Lost Acres Vineyard in North Granby was an apple orchard several decades ago, so when husband and wife owners Kevin Riggott and Michelle Niedermeyer bought the property in 2008, they had some confidence that grapevines would grow. They cleared the overgrown space, built a tasting room and opened to the public in 2011.
The couple was looking for an agricultural business to run together, and Riggott was a hobby winemaker, so a vineyard made sense, Niedermeyer says. She calls the bucolic rural winery "a little tiny slice of heaven."
FEATURED AND NOTEWORTHY WINES: Lost Acres Vineyard grows 5 acres of white wine grapes, and produces red wines from grapes purchased from California. The top seller is the Wedge White, a dry white blend of cayuga white, traminette, seyval blanc, vidal blanc and riesling grapes; and the Clemons Springs, a dry white blend of estate grapes, is said to be an "ideal pairing" with grilled chicken or vegetables.
Lost Acres also produces two versions of riesling, one as a drier variety, and the Salmon Brook rosé, described as light-bodied and fruity, is made with seyval blanc grapes pressed through merlot skins. The winery's Old Orchard Apple wine, which "begins with a big apple bouquet and finishes with a dry tart flavor," uses juice from apples grown by neighboring Lost Acres Orchard.
Featured red wines include a merlot, the Rockwall Red blend with "soft round berry flavors" and the Firehouse Red, a "spicy, peppery wine, with a hint of fruity flavor" recommended to be enjoyed with "typical American food" like pizzas, burgers and steaks. Lost Acres' dessert wine, Enders Reserve, is a "dense and sweet" late-harvest vidal blanc wine with apricot and honey flavors.
Food & Drink
PRICING: Wine tastings are $7 and include samples of five wines and a complimentary logo tasting glass. Wines are $12.99 to $21.99 by the bottle and $7 by the glass.
FOOD OPTIONS: Lost Acres allows guests to bring their own food, and also sells cheese, antipasto and hummus plates in the tasting room. Cheese plates often feature sweet and savory goat cheeses from nearby Sweet Pea Farm, which originally made a special rosemary-fig flavor exclusively for the winery — until it became wildly popular and they began selling that variety to the public, Niedermeyer says with a laugh. Plates are $10 to 16, and feature bread, crackers and garnishes.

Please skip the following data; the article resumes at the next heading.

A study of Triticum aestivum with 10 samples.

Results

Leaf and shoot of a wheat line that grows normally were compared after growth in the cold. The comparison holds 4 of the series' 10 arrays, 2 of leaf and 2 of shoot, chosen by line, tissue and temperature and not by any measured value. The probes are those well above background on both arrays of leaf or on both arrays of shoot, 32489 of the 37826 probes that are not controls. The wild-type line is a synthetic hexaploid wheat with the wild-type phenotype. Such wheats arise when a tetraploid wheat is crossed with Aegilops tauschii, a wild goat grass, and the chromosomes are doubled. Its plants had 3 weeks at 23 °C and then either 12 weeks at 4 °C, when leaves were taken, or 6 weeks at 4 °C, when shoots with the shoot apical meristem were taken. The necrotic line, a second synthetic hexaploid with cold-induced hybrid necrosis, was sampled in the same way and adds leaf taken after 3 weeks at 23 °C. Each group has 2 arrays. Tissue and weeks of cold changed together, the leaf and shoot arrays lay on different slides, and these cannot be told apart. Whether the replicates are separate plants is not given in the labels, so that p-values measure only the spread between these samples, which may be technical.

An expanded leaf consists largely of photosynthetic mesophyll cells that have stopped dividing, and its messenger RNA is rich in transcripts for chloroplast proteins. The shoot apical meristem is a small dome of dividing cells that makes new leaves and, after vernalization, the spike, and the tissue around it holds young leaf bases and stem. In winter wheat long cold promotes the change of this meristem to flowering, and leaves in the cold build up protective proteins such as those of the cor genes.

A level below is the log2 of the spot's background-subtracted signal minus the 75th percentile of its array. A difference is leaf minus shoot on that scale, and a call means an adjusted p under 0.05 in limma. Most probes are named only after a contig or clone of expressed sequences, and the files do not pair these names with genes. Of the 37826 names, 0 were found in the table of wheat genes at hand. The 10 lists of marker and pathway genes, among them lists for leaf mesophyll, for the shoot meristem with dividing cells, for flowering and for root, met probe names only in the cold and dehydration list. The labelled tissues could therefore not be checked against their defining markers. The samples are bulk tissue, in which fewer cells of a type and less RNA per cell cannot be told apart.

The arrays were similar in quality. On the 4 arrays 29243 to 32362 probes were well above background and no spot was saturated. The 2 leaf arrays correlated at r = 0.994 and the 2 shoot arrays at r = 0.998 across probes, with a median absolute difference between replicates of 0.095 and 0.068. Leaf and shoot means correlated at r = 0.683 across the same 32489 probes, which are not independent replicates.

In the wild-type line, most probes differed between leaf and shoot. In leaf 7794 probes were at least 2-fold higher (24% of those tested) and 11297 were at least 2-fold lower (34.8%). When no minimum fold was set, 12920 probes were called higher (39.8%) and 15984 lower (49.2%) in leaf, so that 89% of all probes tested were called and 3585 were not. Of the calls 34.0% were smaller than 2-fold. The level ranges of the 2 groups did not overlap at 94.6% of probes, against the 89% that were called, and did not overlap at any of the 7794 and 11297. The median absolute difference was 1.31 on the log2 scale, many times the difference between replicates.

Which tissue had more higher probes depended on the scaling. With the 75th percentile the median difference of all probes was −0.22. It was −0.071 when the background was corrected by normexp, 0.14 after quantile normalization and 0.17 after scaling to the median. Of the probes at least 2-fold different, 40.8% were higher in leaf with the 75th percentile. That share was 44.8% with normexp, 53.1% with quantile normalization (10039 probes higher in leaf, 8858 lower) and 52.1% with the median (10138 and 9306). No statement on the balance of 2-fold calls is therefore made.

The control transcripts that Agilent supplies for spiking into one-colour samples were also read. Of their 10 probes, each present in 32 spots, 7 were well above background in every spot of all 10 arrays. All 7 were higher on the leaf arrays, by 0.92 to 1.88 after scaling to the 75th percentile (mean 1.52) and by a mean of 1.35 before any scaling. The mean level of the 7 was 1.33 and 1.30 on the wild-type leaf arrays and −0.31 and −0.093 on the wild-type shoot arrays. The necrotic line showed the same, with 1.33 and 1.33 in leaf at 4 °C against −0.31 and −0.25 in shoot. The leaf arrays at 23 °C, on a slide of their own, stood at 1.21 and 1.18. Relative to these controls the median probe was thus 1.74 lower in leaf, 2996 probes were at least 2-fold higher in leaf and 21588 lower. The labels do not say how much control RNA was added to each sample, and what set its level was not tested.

SPECIAL EVENTS: Lost Acres celebrates the town's agricultural heritage by hosting quarterly farmers markets on site, welcoming vendors selling meats, vegetables, honey, cheeses, jams and jellies and baked goods. The winery also features regular art exhibits, highlighting the work of local artists, and welcomes local musicians for performances. They've also partnered with Granby Yoga to host outdoor "Yoga in the Vines" classes.
"It's really important for us to be part of the community, for a number of different reasons," Niedermeyer says, noting that the winery's opening day was one of its "top 5 days" in the business's history, and they'd like to continue to give back to show their gratitude. "We really appreciate the fact that we are part of such a great community."
TASTING ROOM HOURS: Lost Acres is open April through Dec. 31; Fridays and Saturdays from noon to 6 p.m.; and Sundays from noon to 5 p.m.
Lost Acres Vineyard is at 80 Lost Acres Road in North Granby. 860-324-9481, lostacresvineyard.com.
This wine season, we're providing a guide to what you'll find at Connecticut's farm wineries: signature vintages and special releases, live entertainment, gourmet food options, and a few surprises (wine slushies, anyone?) We will feature a different winery every two weeks. Find the entire series here.